By Andrew Tellijohn and Don Davis, State Capitol Bureau, Published May 14 2010
Pawlenty picks Gildea, Stras for court posts
The Republican governor appointed as chief justice a current justice who wrote a dissenting opinion last week when the high court ruled Pawlenty illegally cut spending last summer.
New Chief Justice Lorie Gildea, 48, has roots in rural western Minnesota. The University of Minnesota Morris graduate said growing up in Plummer made her what she is.
Pawlenty named as a justice a young law professor who wrote a legal brief on his behalf in that suit and who belongs to a conservative legal organization.
David Stras once worked for U.S. Supreme Court Justice Clarence Thomas, a conservative, and belongs to the Federalist Society, which calls “individual liberty, traditional values and the rule of law” its priorities.
The appointments came an hour after the Supreme Court ruled that the state constitution allows governors to fill judicial vacancies without requiring an election. Gildea and Stras said they plan to seek election when their terms end.
Gildea has served on the state’s high court since January 2006. She replaces Eric Magnuson, who announced in March that he would leave the court at the end of June.
Pawlenty said that he looked at a broad range of Gildea’s assets, not her dissent from the ruling that went against him. He interviewed all three Wednesday morning and made his decision later in the day.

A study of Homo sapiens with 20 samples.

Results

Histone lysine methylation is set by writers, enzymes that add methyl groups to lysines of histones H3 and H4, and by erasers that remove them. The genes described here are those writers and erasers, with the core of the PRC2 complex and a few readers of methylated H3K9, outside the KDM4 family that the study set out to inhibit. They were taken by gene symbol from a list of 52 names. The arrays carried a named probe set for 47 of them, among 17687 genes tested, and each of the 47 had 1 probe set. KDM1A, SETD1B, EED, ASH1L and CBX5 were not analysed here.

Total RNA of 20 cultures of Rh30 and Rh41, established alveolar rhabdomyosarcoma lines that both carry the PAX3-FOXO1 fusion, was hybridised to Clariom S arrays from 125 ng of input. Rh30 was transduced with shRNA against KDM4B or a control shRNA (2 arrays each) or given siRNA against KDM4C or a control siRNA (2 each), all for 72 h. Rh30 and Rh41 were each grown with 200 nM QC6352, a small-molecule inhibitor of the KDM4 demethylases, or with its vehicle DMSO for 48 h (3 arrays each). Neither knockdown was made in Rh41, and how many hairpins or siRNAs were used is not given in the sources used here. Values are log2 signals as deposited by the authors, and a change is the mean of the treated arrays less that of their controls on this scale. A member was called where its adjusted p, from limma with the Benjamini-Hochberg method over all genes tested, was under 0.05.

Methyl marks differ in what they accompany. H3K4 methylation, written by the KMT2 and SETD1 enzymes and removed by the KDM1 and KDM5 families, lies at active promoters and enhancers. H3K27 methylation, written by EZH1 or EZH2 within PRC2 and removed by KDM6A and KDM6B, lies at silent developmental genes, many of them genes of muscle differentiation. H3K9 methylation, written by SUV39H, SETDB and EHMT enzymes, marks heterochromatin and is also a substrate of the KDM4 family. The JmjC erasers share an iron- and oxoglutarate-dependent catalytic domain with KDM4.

Before joining the Supreme Court, Gildea briefly served as a Hennepin County District Court judge and as an assistant Hennepin county attorney.
University of Minnesota General Counsel Mark Rotenberg, her boss for nine years, said he routinely assigned Gildea to the school’s toughest cases.
“She amassed a record of success that would be the envy of any trial lawyer in Minnesota,” he said.
Peter Knapp, William Mitchell College law professor, said anyone making a list of chief justice candidates “would have had Justice Gildea on the list,” he said. “I don’t think it can be much of a surprise that (Pawlenty) chose her.”
Stras has been on the faculty of the University of Minnesota Law School since 2004 and is a lawyer at Faegre & Benson.
At 35, the suburban Wayzata resident is one of the youngest Supreme Court justices ever.
According to the Minnesota Lawyers Professional Responsibility Board, Stras has only had his license to practice in Minnesota since September 2009, although that probably is because he did not need it while teaching at the university, said board Director Martin Cole.
Tellijohn and Davis report for Forum Communications Co.